History by Peter Claus and John Marriott

The full name of the book History by Peter Claus and John Marriott is History – An introduction to theory, method and practice. Sounds a bit boring, at least according to my husband. I have to admit I wasn’t sure it will be fun, as the book is aimed at students and historians. I got it from the library and I had it on the shelf for a month or two before starting to read it, as other books took precedence. Well, I should have started it immediately. It was a fun and interesting book to read.

History by Peter Claus and John Marriott

As the name suggests, the subjects mentioned in History by Peter Claus and John Marriott, both Oxford professors, are related to the theory, method, and practice of history.

In the Theory part is discussed about perspectives, philosophies, and histories. In this part of the book I found very interesting how the interpretation of time changed, according to the changes in religion and the rise of industry. History was also influenced by enlightenment and romanticism. The examples in the book make it such a delight to read, including the stories of gold digging ants and Bede’s accounts of miracles. It was fascinating to read how history differed if it was written by a Christian, Jew, or Muslim author.

In the second part, Method, the book continues with political, social, and cultural history. It also mentions feminism, and the lack of the presence of women in history. Surprisingly for me, Philippa Gregory is mentioned, as someone that brought to life the less known history of women through her novels, even though it’s fiction.
I found the chapters about public history and global histories very interesting. Last year I was involved in a bit of volunteering with two projects, that classify as public history. As for global history, I did an online course about it and it was fascinating. We all are connected and we don’t even realize it.
The second part also gives details about literary cultures, anthropology, geography, sociology, and economics.

The last part of the book is about Practice. It talks about sources, archives, and oral history. I was very interested in this part because, as I mentioned earlier, I was involved in two projects with local museums. It’s been helpful to read about these aspects of historical research.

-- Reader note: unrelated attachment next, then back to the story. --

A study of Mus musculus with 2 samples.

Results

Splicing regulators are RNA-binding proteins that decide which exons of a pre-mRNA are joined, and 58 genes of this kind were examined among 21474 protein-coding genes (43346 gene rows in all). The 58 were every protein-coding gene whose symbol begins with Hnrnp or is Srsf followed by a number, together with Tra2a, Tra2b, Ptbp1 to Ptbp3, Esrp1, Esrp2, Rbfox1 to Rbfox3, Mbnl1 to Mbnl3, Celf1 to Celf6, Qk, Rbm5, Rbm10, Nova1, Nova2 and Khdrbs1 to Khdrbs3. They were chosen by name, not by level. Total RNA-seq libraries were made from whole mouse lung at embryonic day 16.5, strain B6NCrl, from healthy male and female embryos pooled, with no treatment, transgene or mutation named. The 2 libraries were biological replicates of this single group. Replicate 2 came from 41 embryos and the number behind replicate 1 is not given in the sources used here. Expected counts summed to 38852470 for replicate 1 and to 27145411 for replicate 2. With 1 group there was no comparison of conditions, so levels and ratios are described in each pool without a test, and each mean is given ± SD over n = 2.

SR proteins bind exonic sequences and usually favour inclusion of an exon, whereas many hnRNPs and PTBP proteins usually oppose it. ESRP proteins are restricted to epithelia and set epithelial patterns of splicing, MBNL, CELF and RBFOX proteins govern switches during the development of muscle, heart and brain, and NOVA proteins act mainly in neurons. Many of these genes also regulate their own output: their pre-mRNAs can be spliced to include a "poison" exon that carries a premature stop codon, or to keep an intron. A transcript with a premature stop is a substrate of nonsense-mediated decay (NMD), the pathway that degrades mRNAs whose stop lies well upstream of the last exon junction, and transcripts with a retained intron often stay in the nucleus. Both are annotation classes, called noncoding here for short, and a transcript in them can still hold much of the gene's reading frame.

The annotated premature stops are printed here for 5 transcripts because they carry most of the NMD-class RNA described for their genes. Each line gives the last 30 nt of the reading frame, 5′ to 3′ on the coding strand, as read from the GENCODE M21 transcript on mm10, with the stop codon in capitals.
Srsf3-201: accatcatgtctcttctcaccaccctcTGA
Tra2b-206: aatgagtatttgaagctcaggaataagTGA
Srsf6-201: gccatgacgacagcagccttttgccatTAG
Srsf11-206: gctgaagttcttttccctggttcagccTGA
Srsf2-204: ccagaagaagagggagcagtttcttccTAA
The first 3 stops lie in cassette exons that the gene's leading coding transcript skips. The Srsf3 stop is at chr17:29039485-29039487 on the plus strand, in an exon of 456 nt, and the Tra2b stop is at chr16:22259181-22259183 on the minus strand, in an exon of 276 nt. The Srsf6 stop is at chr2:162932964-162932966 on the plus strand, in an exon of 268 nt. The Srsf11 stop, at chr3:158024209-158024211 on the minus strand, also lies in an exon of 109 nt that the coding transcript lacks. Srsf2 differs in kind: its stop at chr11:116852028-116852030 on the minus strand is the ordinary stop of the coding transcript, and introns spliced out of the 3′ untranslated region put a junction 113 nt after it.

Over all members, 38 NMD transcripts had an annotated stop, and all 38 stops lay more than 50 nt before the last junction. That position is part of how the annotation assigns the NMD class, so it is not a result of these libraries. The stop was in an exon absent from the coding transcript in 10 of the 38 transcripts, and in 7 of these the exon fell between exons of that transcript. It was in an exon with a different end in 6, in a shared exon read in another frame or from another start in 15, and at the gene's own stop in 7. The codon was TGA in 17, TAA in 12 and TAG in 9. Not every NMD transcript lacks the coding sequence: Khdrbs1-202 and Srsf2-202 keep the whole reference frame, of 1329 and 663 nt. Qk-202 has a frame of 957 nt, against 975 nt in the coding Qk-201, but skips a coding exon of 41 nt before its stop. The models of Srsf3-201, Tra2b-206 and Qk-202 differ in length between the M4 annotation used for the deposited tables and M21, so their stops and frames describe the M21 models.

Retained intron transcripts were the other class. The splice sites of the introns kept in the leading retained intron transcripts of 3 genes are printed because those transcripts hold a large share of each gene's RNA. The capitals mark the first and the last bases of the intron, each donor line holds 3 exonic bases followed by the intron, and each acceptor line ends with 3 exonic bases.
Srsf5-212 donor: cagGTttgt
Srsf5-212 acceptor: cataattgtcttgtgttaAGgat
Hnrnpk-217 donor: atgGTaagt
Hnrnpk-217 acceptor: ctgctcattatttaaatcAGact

As the book is written with students in mind, at the end of each chapter there is a short summary, there are discussion documents, and a few books are recommended reading. The book is a must for anybody wanting to study history, but it can be a wonderful read for someone that is only interested in history and how is made.

History by Peter Claus and John Marriott

Details about the picture: A Wedgwood vase (est. 1759), alongside Colclough china from the beginning of the 20th century, quite historical pieces, suitable for a history book. The small piece of pottery dates back from the 16th century. It’s something I bought from Jewel Tower in London two years ago, read more about its history on my lifestyle blog.
My rating: 5/5 Stars.
Would I recommend it: Yes
Published by: Pearson Education Limited
Year it was published: 2012
Format: Paperback
Genre(s): Non-Fiction
Pages: 461

About the authors:
Dr Peter Claus is a professor of history at Pembroke College, Oxford University. He studied history as a mature student and has developed teaching strategies aimed for students with non-traditional backgrounds. He is involved in the OxNet project. The OxNet project is designed to attract pupils from disadvantaged backgrounds to universities like Oxford and Cambridge.
John Marriott is a professor of history at Pembroke College, Oxford University. He had done a lot of research on London and Empire, especially about East London and India during the 18th and 19th century. He had published multiple books, including The Culture of Labourism: the East End between the Wars (1991), The Other Empire: Metropolis, India and Progress in the Colonial Imagination (2003). He also edited or co-edited collections of primary materials related to his research, like The Metropolitan Poor: Semi-factual Accounts, 1795-1910 (1999), Unknown London: Early Modernist Visions of the Metropolis, 1815-45 (2000), and Britain in India, 1765-1905 (2006). Other books, including one that I would love to read is Beyond the Tower: a History of East London (2011), and The Ashgate Research Companion to Modern Imperial Histories (2012), co-edited with Professor Philippa Levine.